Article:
A successful well-being program often depends on leadership support. No matter how dedicated you are to your well-being program, you can only get so far without help from HR leaders, executives and other decision-makers at your organization.
The more supportive your leadership is, the more your company will benefit, too. Organizations with very supportive leadership are two and a half times more likely to report a substantial improvement in medical cost trends.1 Not to mention, they’re nearly four times more likely to report a substantial improvement in employee health risks compared to organizations with minimally supportive leadership.
But that’s not all! Whether you’re looking to gain leadership buy-in or encourage your leaders to become more involved in your well-being program, there’s no limit to what your program can achieve when your entire organization is onboard with well-being.
Start a wave of well-being at your organization.
The impact leaders can have on workplace well-being can be profound. They’re in a position to utilize policies, programs, resources and best practices that can help establish a thriving well-being culture and encourage better health for your entire organization.2
By putting policies in place that demonstrate they care about the health of their employees, they can start a wave of well-being at your organization. One that can ripple throughout and deliver a range of positive outcomes, including:
- Higher program participation
- Healthier body weights
- Lower absenteeism
Overcome barriers and get leadership buy-in.
Getting leadership buy-in can be a tricky task. While most organizational leaders want to improve the health of their employees and reduce their company’s health insurance costs, they often have competing priorities and workplace well-being can fall to the side. But, with a carefully planned approach, you can greatly improve your chances of getting your leaders onboard.
To help you get buy-in, I’ve listed five strategies that can help you convince the leaders at your organization that well-being should be a top priority.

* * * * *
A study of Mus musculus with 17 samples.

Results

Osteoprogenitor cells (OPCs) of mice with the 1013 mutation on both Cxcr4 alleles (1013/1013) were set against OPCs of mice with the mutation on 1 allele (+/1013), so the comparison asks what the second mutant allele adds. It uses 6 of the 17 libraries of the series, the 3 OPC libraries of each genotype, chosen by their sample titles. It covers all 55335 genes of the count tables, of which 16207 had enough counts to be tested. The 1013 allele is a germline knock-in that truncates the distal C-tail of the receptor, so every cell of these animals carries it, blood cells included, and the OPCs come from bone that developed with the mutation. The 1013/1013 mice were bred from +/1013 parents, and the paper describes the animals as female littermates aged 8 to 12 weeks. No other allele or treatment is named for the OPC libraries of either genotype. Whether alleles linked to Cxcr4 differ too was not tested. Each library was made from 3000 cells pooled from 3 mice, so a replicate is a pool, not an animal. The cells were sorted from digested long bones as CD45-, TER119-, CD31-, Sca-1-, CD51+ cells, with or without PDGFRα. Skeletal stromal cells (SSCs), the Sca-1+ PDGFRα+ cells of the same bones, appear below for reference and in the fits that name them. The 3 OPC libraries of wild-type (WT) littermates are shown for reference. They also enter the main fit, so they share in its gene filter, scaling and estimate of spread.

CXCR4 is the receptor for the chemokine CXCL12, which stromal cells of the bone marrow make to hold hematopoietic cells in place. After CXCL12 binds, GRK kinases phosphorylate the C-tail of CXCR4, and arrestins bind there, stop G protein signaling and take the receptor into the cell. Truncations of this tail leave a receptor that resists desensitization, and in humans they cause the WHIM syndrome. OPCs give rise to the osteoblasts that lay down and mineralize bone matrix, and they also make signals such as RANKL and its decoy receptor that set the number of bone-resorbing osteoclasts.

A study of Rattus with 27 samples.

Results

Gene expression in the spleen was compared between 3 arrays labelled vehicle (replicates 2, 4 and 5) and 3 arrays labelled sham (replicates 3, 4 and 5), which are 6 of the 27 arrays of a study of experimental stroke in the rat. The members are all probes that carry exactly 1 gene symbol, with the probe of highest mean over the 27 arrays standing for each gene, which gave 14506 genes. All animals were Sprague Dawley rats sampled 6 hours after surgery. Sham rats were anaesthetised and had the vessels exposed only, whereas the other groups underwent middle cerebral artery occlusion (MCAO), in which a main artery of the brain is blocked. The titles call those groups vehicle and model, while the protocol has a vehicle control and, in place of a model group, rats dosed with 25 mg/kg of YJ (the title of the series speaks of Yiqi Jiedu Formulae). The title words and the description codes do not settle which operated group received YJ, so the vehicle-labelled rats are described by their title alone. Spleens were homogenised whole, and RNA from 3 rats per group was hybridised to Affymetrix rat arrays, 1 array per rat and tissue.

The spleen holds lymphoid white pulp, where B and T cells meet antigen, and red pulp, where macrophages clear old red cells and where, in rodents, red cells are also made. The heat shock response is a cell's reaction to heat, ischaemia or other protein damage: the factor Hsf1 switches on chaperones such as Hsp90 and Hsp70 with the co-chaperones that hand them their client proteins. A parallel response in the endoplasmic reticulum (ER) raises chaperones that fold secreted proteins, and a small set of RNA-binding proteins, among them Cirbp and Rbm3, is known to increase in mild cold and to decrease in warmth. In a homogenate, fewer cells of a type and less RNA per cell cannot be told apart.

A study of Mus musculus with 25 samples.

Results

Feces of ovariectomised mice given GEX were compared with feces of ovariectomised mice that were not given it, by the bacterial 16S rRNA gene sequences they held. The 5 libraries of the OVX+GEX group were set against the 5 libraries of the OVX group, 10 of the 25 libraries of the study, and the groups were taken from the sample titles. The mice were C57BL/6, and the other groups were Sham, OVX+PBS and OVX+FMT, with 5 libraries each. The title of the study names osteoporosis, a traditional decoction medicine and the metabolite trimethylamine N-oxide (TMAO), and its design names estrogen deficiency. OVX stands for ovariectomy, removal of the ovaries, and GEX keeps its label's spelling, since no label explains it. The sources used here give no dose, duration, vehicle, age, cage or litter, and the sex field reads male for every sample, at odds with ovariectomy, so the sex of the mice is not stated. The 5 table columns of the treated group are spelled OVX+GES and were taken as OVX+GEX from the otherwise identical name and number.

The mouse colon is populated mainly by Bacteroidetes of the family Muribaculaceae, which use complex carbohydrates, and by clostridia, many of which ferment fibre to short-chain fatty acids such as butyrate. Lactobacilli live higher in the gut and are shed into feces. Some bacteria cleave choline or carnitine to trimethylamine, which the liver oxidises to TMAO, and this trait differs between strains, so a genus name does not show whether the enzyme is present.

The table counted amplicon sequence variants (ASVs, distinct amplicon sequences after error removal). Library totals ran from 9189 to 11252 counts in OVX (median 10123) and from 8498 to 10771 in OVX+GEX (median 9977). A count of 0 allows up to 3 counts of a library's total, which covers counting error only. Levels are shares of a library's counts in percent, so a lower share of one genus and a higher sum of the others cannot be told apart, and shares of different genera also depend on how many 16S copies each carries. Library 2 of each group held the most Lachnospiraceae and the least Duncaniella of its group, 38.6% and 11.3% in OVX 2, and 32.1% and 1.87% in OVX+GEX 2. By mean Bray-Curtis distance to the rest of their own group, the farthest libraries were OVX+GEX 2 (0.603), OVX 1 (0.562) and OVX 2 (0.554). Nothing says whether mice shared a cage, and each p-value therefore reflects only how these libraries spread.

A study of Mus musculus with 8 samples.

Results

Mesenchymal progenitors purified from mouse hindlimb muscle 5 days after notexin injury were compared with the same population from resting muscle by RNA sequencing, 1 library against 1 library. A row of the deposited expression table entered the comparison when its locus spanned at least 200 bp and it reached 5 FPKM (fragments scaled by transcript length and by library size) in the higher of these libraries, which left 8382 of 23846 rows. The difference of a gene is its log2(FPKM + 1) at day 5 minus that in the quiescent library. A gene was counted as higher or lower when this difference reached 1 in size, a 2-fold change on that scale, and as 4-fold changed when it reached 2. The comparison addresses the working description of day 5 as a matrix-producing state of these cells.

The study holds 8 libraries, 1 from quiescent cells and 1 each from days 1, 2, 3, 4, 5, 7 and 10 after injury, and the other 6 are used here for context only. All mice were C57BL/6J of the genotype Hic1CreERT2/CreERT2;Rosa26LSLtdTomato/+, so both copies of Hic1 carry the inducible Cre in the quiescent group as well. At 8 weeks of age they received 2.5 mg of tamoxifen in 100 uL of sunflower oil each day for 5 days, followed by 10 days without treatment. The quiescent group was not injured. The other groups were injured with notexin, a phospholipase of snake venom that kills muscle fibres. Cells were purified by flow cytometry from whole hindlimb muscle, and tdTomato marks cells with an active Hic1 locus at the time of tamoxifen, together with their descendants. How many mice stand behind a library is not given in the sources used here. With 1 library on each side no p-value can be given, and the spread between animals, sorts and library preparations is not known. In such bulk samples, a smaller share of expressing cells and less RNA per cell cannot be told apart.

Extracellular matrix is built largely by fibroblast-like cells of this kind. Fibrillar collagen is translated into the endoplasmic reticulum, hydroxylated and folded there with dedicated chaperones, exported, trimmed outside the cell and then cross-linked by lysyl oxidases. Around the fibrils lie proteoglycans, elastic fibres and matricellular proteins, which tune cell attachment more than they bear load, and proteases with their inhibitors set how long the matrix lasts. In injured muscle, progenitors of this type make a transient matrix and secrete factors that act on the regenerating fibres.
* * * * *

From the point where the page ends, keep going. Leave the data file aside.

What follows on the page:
1. Present the business case.
At the end of the day, leadership needs to understand that well-being programs can help impact their company’s bottom line and control costs. To capture their attention, develop a strong business case that drives this point home.
2. Build an emotional connection.
Once you have your leadership’s attention, appeal to their emotional side. Share examples of success stories from other organizations, talk about the impact well-being programs can have on individuals and present any other information that will connect with them on a personal level.
3. Identify and recruit an executive champion.
It helps to have friends in high places. To find an executive champion, identify a leader who has a strong personal connection to well-being. Once they agree to take the role, set expectations with them about the type of support and time commitment you will need from them to help make the program a success.
4. Gather feedback and align goals.
Once you get buy-in, make sure your leadership gets what they want from your well-being program. To make sure they’re satisfied, hand out surveys to gather information about what’s important to them and then make adjustments to your program as needed.
5. Formalize a well-being program review.
It’s important to keep your leadership engaged in your well-being program. To help keep them involved throughout the year, hold formal presentations to review the program, demonstrate the program’s ROI and share success stories.
Realize the benefits of leadership buy-in.
Working closely with leadership is crucial to building and sustaining a culture of well-being. Senior leaders and managers have the power to achieve buy-in and support from other levels of the organization, dedicate the necessary resources to the effort and create an environment where employees are empowered to take control of their health.
As you seek buy-in from leadership at your organization, remember to follow the five principles outlined above and reinforce how a healthy workforce can help improve the bottom line of any business.